Today marks the 102nd anniversary of the great San Francisco Earthquake. The earthquake and subsequent fire devastated much of San Francisco and the damage was also extensive in Vallejo that day– although fortunately there was no loss of life here. The Vallejo Evening Chronicle for April 18, 1906 reported the following:
“The worst temblor ever experienced in our city occurred at 5:12 a.m., the shock lasting fifty seconds, being from west to east, and doing great damage to property. There was a second shock at 5:15 o’clock, but a mild one, lasting only two seconds. A third slight shock occurred at 8 o’clock. The shock was felt most severely and did the greater part of the damage on the elevated portions of the city, especially on York Street and upper Virginia Street. Residents were generally alarmed, and rushed from their homes in terror, parents carrying their little ones out of the swaying buildings. We give below a record, so far as yet learned, of the damage done.”
At Doyles’ Marble Works
“Doyle Bros’. marble works [at the corner of Florida Street and Sonoma Blvd.] suffered severe damage, many handsome monuments being broken, and the financial loss will be about $1,000.”
“Chris Mangold’s residence on the corner of Virginia and Alameda Streets was badly damaged, a chimney falling on the roof and destroying a portion of it, part of the residence having to be rebuilt. On the other corners of the junction of the same streets, occupied by B.F. Griffin and Mrs. Donnelly chimneys fell but, falling outward, caused no damage to the dwellings. Chimneys fell at the residents on York Street of Messrs. Weniger, Casper, Kneass, Mrs. Diedrichson, Mrs. Holly, Mrs. E.V. Peary, Messrs. A. Alvord and W.A. Jones. George Weniger’s two chimneys fell and the walls of the residence were badly cracked, and some valuable vases in the parlor destroyed, the piano was moved by the shock two feet from the wall. Part of the cement walk in the yard is destroyed by the chimney falling.”
“At Mr. Casper’s residence the falling chimney struck the roof over the kitchen, forcing the rafters through the ceiling. Chimneys also fell at the residences of Messrs. Shortridge, Hussey, Cooper and two at Mr. Davidson’s residence. The chimney at J.H. Thoreson’s residence, corner of Sonoma and Georgia Streets, fell and damaged the roof. Three houses on Kentucky Street lost chimneys and the residence of Mrs. Holleran, corner of Ohio and Sonoma Streets, was damaged by a falling chimney. Charles Rule’s new residence on Capitol Street is badly damaged. Mr. Stiles’ home, 838 Kentucky Street, is very badly damaged inside. V.V. Harrier’s flats lost a chimney.”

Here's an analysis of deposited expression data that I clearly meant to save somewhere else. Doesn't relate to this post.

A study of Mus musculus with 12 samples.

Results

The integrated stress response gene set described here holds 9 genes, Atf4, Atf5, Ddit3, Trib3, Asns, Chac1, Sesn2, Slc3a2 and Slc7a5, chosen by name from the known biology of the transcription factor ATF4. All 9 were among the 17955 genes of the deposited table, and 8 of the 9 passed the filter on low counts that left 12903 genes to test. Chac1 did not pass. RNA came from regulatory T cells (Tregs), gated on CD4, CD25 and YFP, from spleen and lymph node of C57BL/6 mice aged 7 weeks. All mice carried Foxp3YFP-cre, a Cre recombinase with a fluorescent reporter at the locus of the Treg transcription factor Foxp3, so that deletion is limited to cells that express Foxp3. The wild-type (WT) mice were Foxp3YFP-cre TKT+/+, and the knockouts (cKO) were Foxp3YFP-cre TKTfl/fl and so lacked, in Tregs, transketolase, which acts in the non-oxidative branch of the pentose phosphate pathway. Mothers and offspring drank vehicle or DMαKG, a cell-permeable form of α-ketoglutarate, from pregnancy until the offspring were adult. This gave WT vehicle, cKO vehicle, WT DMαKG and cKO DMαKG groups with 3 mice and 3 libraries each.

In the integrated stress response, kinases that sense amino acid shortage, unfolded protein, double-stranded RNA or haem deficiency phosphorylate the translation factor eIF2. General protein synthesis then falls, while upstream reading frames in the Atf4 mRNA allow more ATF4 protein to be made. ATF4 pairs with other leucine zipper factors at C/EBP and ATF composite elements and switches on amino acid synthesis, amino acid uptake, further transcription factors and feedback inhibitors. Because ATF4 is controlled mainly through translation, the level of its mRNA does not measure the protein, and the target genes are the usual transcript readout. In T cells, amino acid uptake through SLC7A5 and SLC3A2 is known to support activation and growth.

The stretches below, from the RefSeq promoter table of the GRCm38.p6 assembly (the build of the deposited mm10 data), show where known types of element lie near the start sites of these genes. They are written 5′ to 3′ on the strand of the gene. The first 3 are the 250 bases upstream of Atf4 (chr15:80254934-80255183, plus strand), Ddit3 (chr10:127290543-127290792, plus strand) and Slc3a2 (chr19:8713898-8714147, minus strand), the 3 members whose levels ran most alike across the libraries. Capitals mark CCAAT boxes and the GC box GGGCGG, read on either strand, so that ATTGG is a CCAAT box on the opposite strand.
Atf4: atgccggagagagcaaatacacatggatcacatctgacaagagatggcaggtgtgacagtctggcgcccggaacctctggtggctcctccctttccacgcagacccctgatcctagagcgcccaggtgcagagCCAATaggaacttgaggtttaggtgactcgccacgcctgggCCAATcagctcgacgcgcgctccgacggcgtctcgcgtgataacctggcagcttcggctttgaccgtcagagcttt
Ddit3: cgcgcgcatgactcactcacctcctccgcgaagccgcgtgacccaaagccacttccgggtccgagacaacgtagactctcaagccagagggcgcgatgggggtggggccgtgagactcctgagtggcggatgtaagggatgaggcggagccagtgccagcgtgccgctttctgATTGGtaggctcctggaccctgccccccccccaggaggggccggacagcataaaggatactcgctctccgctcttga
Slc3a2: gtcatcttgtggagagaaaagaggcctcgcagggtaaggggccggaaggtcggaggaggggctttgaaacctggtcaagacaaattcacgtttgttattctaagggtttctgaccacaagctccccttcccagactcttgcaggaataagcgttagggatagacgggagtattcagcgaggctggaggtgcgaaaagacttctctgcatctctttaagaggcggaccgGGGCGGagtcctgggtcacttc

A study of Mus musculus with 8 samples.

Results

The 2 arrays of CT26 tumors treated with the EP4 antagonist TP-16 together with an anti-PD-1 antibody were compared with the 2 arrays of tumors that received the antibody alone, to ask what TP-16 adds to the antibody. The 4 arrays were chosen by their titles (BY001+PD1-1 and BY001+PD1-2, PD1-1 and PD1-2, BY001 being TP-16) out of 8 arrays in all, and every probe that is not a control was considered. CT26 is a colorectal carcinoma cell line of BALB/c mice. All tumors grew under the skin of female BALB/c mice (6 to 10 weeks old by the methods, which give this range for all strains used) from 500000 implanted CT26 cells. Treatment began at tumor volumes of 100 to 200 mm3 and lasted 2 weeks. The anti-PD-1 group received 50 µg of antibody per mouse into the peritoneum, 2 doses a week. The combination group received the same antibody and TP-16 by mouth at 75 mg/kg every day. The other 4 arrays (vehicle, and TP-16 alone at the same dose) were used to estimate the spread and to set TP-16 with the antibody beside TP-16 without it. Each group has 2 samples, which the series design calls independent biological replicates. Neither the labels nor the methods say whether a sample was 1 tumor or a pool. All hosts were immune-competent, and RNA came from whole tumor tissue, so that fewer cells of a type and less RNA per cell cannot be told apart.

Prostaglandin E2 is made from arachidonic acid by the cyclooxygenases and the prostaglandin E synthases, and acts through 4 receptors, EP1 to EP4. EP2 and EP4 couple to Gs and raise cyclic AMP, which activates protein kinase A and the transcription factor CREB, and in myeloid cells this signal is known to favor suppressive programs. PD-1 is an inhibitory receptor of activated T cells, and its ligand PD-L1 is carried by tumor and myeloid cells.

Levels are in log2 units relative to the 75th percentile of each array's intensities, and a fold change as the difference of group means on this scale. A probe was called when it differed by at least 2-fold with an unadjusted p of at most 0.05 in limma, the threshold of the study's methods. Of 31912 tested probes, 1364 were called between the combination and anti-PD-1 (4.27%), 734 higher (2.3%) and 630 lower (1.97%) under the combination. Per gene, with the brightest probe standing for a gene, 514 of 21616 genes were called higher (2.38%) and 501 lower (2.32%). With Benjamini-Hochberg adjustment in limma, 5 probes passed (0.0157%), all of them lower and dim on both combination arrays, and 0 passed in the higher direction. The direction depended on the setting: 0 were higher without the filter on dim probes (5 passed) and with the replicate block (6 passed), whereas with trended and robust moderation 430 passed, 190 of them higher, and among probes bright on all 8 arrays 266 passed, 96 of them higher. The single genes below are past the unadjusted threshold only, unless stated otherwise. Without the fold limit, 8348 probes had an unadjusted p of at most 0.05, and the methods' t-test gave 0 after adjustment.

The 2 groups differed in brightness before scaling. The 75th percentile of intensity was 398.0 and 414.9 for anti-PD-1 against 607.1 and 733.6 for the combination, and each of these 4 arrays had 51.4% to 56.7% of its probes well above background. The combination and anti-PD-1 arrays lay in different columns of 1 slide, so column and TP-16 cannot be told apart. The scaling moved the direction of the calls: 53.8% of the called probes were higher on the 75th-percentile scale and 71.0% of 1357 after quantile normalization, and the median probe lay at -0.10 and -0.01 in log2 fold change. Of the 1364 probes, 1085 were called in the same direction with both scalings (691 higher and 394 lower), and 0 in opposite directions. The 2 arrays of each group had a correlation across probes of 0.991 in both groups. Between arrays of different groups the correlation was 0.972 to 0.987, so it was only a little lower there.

“At the Orphans’ Home two chimneys fell, one coming through the porch. At the residence of Mrs. E.V. Peary, 714 York Street, there was a narrow escape from death. Mrs. Ballard, who is taking care of the house during the absence of Mrs. Peary, snatched her little girl and Mildred Peary up and went to the back door, and as they went out the chimney fell with a crash, the bricks falling within a few inches of Mrs. Ballard and the children. Many chimneys were twisted on their residences and the brick masons will have a harvest the next few weeks, the probable total amount of damage here amounting to about $500.”
On Mare Island
“The joiner shop was badly shaken up on the navy yard, and when the employees went to work this morning they were dismissed for the day, as a thorough survey of the buildings will be made. The boat shop was also badly shaken, and the employees were sent back. The big chimney on the foundry was twisted.”
“Many stores in the business portion [of Vallejo] had their contents thrown off the shelves, but the shock was not so much as on the elevated portions of the city. The Irvington and New Bernard Hotels, however, received a good shaking up.”
Sailors and Marines from Mare Island were quickly dispatched to aid the residents of San Francisco. The torpedo-boat destroyer USS Preble and the tugs Active, Leslie and Sotoyomo headed to San Francisco where their crews valiantly battled fires, rescued the injured, and attempted to keep order. Lieutenant Frederick Freeman later wrote an amazing eyewitness account of their efforts which can be read at the Virtual Museum of the City of San Francisco’s website at http://www.sfmuseum.net/1906/usn.html.
By April 19th hundreds of refugees from San Francisco were arriving in Vallejo by ferry. The refugees were housed at the Naval YMCA on Santa Clara Street, at the old Pavilion at the corner of Georgia and Sutter Streets, and in a makeshift camp at City Park. The Vallejo newspaper continued with extensive coverage of the quake and its aftermath, including publishing lists of refugees who had relocated to Vallejo. Some of those displaced families, having lost their homes in San Francisco, remained in Vallejo and started new lives here.